For his longtime fans, “Old Ideas” offers all the rhyme, rhythm and baritone that make Leonard Cohen a legend. For those unfamiliar with his work, however, this folk-rock genre may not for everyone. It’s deeply poetic lyrics and minimal accompaniment make it far from a showpiece and more of a subtle work of art to be listened to attentively. Through these resonating lyrics, the music drifts from themes of passion, spirituality and loneliness.
For many singers, voice is only part of a song. Music makes up the rest and often serves as the base for embellishment. Here, however, Cohen’s is able to almost surpass dependence on music. In fact, his deep, earthy and almost crackling voice is the most profound factor in his success. Like previous albums, “Old Ideas” explores just that. Cohen’s rich voice accompanied by light, charismatic melodies evokes a variety of conflicted emotions and desires.
With so much weight on Cohen’s voice, there’s no surprise that as a poet, the lyrics are solid in their somber, conflicted and searching phrases. The first track, “Going Home,” introduces Cohen, himself, in third person with, “he will speak these words of wisdom, though he knows he’s really nothing but the brief elaboration of a tune.” This sentimental tune is accompanied by violins, soft rattlers and a piano. His use of repetition really brings out themes of loneliness, especially in the second track, “Amen,” in which he calls out “tell me again…tell me over and over, tell me that you want me then,” paired with longing bursts of horns. Though this song continues for seven minutes, it does not feel overdone, since Cohen, though repetitive, is not redundant.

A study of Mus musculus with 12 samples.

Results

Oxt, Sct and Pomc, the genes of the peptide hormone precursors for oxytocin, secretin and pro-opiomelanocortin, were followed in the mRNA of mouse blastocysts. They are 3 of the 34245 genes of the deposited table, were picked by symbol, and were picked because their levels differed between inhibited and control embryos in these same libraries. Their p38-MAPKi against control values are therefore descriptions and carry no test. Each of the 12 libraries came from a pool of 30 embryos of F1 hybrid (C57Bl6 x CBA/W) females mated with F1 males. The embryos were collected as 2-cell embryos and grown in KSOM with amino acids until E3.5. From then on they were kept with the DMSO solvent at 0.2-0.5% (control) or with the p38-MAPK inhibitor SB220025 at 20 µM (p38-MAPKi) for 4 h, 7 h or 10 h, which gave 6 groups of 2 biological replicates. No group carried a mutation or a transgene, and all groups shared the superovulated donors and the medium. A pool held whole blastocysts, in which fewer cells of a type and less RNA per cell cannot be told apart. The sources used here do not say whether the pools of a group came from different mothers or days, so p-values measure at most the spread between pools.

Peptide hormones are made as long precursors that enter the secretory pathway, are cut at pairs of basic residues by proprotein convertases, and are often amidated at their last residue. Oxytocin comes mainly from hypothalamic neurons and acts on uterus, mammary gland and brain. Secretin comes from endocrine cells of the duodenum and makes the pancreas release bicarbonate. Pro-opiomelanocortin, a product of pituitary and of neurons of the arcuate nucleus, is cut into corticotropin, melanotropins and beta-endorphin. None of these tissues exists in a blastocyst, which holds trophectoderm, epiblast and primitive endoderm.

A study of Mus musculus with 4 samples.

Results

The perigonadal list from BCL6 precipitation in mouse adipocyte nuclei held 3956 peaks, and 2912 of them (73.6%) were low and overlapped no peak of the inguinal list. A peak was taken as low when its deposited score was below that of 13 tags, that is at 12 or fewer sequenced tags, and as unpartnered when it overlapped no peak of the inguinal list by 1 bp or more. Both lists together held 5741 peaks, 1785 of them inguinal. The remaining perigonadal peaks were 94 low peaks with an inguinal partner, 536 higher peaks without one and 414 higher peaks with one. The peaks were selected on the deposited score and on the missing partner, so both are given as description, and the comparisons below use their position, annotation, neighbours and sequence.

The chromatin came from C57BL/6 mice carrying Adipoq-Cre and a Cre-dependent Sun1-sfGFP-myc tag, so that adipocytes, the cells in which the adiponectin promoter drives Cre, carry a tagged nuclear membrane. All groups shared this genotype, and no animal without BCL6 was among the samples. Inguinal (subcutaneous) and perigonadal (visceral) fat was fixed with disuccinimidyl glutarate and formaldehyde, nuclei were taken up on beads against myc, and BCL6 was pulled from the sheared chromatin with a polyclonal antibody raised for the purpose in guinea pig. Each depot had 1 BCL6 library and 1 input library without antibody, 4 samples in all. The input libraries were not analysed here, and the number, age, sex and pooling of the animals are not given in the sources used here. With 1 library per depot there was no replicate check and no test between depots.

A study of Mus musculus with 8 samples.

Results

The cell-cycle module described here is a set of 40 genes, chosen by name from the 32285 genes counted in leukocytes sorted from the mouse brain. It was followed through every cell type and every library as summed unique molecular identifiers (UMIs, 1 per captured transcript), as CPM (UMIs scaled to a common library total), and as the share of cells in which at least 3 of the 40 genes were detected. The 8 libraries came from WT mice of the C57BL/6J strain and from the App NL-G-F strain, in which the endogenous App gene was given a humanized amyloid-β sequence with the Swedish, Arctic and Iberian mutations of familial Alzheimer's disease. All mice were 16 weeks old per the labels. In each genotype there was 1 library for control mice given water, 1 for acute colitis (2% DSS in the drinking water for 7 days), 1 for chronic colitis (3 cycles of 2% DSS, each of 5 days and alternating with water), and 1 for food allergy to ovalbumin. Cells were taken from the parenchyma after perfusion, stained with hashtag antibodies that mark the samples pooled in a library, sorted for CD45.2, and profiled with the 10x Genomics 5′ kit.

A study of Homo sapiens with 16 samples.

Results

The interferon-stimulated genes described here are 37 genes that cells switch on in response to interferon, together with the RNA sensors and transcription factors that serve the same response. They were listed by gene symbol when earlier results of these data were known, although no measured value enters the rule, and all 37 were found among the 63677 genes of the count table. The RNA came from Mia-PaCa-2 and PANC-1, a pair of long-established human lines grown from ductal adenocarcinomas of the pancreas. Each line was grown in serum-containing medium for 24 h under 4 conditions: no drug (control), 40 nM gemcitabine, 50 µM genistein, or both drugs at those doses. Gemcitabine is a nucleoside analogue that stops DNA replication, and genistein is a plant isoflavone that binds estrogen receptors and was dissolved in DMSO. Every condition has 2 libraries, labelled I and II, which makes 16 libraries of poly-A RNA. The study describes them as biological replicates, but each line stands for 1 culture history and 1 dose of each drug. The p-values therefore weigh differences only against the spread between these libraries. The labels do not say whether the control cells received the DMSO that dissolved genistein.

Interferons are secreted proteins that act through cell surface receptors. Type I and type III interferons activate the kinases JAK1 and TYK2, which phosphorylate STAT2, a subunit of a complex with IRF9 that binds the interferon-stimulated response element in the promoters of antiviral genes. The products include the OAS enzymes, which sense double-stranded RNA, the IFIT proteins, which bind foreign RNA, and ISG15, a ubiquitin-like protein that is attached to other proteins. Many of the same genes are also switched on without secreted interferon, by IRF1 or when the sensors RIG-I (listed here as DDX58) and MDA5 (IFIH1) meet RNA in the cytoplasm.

“Old Ideas” tackles some extremely deep themes about morality and spirituality. Religious references appear in several tracks including “Show Me The Place” and “Come Healing,” where christian icons such as “the word became a man” and a “cross left behind” are prevalent images. Though there are elements of religion, the album seems to focus more on individual struggle and acceptance rather than preaching beliefs. In this way, the tracks are relateable to a wide range of people.
Though Cohen largely embraces slow, subtle rhythms, there are a several tracks including “Darkness,” “Banjo” and “Different Sides” that incorporate a guitar, drums and keyboard. These collaborate to make more of a rock and roll tune. Furthermore, though Cohen’s lyrics are largely dramatic, the music and melodies that accompany him are often charming. Even the lyrics of “Banjo” with horns and percussion hold a semisweet tone with, “there’s something that I’m watching…it’s a broken banjo bobbing on the dark infested sea.”
Overall, “Old Ideas” captures the core of what has made Cohen so successful in the past. He is able to weave through deep themes while still incorporating light accompaniment. A harmonica, like that in “Lullaby,” is just the comforting sound necessary for such a track title. This album again elegantly pairs poetry to music and effectively resurrects the classic struggles that make us human.